I've long been a fan of the media-watchdog group Media Matters, so I felt a slight hometown thrill when I saw this item, about Pittsburgh's own Mike Pintek, last night.
Pintek attracted MM's notice while guest-hosting on the Quinn & Rose program. (Which -- full disclosure -- used to be hosted by the parent company that owns City Paper.) Relying on such expert sources as "some people who know what they're talking about" and "a guy [who] sent me info about his belief," Pintek dredged up rumors (again) that there was something fishy about Barack Obama's birth certificate.
"I'm still not convinced that he actually [is] a natural-born citizen," Pintek said. Though he conceded "This is not an official Republican campaign issue. It's not an official John McCain issue."
You might think that if even the McCain camp -- the folks who put Paris Hilton in a presidential election -- balks at making an issue of something, it's probably not worth digging into. But as Pintek pointed out, "[T]his keeps popping up in the blogs."
So do LOLcats, of course. I'm guessing we'll see those in a McCain ad any day now.
The fine folks over at 2 political junkies noted this item as well, and they've previously done a fine job deconstructing the ludicrous attacks on Obama's citizenship. (See for yourself here and here.)
All I'll add to their fine work is this (fairly obvious) point. I don't think this rumor persists because anyone actually believes it. I've been a guest on Pintek's show, and I don't think he's that dumb. I think the falsehood persists because it dovetails with something that is an official Republican issue -- the attempt to suggest there is something suspect about Obama's credentials as an American. Even if everyone agreed tomorrow that the allegation was false, the residue of it would linger. And it would color future claims in a similar vein, leading uninformed voters -- i.e. many of them -- to leap to the conclusion that where there's smoke there's fire.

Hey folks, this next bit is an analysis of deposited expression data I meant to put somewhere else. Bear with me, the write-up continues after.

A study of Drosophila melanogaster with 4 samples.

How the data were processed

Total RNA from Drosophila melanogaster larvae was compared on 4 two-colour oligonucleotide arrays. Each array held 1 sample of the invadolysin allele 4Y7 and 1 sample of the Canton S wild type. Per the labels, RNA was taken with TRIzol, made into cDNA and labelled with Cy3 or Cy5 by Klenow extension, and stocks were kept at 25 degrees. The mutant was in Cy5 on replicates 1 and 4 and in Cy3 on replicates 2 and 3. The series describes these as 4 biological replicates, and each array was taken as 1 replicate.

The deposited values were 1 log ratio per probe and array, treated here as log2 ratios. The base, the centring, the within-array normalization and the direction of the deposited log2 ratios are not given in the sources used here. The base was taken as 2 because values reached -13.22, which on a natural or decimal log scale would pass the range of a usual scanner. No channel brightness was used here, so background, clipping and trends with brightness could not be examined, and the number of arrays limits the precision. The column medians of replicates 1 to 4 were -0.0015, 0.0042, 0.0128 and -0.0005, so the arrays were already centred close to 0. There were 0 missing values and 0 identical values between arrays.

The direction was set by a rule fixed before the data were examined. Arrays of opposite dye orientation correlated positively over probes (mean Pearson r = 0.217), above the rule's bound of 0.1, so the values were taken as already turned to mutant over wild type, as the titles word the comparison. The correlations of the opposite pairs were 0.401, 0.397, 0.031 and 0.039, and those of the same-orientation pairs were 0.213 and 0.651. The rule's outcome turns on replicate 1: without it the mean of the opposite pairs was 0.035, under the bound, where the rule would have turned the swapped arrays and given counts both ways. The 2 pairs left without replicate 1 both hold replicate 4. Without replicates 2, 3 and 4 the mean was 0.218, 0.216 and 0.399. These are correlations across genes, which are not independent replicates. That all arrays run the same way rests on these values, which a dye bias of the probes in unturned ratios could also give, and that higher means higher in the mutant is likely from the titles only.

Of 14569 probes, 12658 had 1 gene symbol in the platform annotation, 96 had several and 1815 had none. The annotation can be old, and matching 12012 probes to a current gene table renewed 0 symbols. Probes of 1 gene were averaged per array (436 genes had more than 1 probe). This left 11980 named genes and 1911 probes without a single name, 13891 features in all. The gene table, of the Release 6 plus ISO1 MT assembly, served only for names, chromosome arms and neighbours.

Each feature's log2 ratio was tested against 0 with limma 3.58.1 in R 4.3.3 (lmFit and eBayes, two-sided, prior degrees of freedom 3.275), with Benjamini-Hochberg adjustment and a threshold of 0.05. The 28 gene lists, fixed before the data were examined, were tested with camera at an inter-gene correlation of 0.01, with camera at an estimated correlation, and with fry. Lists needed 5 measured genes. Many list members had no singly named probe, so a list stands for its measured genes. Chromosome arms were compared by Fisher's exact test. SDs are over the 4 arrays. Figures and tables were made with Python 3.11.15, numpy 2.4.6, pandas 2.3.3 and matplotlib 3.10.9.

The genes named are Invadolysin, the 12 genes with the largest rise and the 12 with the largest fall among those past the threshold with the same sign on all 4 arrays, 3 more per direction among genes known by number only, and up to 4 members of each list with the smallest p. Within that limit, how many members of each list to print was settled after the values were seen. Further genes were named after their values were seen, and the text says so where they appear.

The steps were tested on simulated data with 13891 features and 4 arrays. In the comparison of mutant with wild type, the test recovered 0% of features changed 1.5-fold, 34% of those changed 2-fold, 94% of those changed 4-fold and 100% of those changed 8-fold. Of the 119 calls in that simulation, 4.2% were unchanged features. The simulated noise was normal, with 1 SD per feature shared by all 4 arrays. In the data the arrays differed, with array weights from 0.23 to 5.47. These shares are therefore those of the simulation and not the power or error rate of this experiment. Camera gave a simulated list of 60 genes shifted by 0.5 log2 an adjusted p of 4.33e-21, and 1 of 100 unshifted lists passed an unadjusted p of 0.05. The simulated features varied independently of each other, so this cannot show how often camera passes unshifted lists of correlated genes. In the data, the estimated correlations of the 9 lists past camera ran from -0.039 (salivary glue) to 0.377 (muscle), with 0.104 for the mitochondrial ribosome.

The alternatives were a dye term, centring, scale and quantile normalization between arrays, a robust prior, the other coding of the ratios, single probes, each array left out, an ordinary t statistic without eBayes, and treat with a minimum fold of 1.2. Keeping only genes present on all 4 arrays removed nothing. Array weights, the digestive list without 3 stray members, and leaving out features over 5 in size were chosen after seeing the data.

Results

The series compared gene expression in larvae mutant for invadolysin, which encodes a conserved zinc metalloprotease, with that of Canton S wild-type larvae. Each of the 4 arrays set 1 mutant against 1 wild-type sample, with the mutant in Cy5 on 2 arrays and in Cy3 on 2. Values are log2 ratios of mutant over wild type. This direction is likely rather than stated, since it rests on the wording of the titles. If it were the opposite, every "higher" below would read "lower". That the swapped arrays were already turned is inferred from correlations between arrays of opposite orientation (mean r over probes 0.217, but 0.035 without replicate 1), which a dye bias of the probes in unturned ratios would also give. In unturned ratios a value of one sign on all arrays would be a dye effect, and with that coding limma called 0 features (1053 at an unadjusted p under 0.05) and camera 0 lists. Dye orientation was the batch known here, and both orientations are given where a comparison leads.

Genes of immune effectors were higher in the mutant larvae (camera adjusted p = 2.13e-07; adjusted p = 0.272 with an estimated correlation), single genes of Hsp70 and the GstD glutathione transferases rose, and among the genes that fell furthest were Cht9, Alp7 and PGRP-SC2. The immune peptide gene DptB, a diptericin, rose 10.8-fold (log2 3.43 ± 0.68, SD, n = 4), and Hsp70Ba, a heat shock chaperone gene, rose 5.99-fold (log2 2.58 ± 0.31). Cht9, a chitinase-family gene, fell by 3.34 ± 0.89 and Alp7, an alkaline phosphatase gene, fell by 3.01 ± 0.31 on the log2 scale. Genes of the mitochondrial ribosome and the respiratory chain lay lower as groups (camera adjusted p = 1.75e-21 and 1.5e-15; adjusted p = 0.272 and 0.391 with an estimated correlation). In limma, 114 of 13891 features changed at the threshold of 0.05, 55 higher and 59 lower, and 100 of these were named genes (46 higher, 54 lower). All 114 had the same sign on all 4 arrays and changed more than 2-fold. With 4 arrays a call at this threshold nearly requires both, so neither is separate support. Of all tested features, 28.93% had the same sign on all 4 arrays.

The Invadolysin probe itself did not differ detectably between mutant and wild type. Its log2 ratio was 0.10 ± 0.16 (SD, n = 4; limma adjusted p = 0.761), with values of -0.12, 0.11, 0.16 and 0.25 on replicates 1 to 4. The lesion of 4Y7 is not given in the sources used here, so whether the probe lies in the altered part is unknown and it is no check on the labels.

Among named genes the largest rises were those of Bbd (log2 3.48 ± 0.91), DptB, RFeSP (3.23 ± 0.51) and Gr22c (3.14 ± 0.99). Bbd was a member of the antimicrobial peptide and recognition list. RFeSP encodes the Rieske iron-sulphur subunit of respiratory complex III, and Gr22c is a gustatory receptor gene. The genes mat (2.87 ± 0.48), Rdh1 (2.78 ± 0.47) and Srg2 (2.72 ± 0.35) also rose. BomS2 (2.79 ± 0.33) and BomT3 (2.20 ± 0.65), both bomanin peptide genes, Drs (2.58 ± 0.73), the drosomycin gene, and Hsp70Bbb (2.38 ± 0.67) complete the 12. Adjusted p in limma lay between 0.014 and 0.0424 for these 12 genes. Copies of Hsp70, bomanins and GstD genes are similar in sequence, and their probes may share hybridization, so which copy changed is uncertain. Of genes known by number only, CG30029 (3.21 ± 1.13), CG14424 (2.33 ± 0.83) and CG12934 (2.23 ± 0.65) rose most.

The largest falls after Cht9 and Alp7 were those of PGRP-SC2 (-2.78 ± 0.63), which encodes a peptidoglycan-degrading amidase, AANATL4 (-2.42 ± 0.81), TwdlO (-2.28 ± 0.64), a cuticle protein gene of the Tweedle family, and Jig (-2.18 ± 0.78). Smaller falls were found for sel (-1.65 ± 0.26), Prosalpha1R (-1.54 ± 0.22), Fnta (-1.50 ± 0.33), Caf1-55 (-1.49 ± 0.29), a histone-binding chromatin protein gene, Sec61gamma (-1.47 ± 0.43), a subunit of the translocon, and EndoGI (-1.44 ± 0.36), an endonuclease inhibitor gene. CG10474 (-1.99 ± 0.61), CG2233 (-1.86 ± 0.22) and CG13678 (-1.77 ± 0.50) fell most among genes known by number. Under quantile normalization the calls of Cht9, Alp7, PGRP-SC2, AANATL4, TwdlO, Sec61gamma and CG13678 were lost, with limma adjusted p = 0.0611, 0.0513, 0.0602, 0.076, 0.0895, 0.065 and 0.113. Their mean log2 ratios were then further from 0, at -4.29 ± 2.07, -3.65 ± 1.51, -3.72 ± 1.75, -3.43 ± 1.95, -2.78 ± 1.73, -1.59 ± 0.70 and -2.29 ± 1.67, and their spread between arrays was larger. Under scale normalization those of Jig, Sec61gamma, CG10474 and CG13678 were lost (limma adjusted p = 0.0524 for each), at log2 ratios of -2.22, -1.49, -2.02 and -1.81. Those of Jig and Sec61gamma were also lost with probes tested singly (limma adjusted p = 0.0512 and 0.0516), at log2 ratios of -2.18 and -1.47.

Ronald Reagan's press secretary, Michael Deaver, once said, "If you tell the same story five times, it's true." I'd update that only slightly for a 21st century political campaign: If you tell five variations on the same lie, it's a "perception problem." Which gives people license to talk about it even if they know better. And which forces candidates and their backers to defend themselvse against the charge.
This can be done to anyone, of course -- it's what the pundits mean when they talk about "defining the other guy." You could do the same to McCain with respect to his treatment of women -- and probably with some justice. For Obama, you've got a weird name and an unusual ancestry, so the lies practically write themselves. This rumor is a particularly absurd example -- you hear people talking about how Hawaii, where Obama was born, isn't like a regular state -- but that just shows how easy the game can be.
I respect Media Matters and the Junkies, and they have to do what they're doing. But this bit of nonsense has already served its purpose.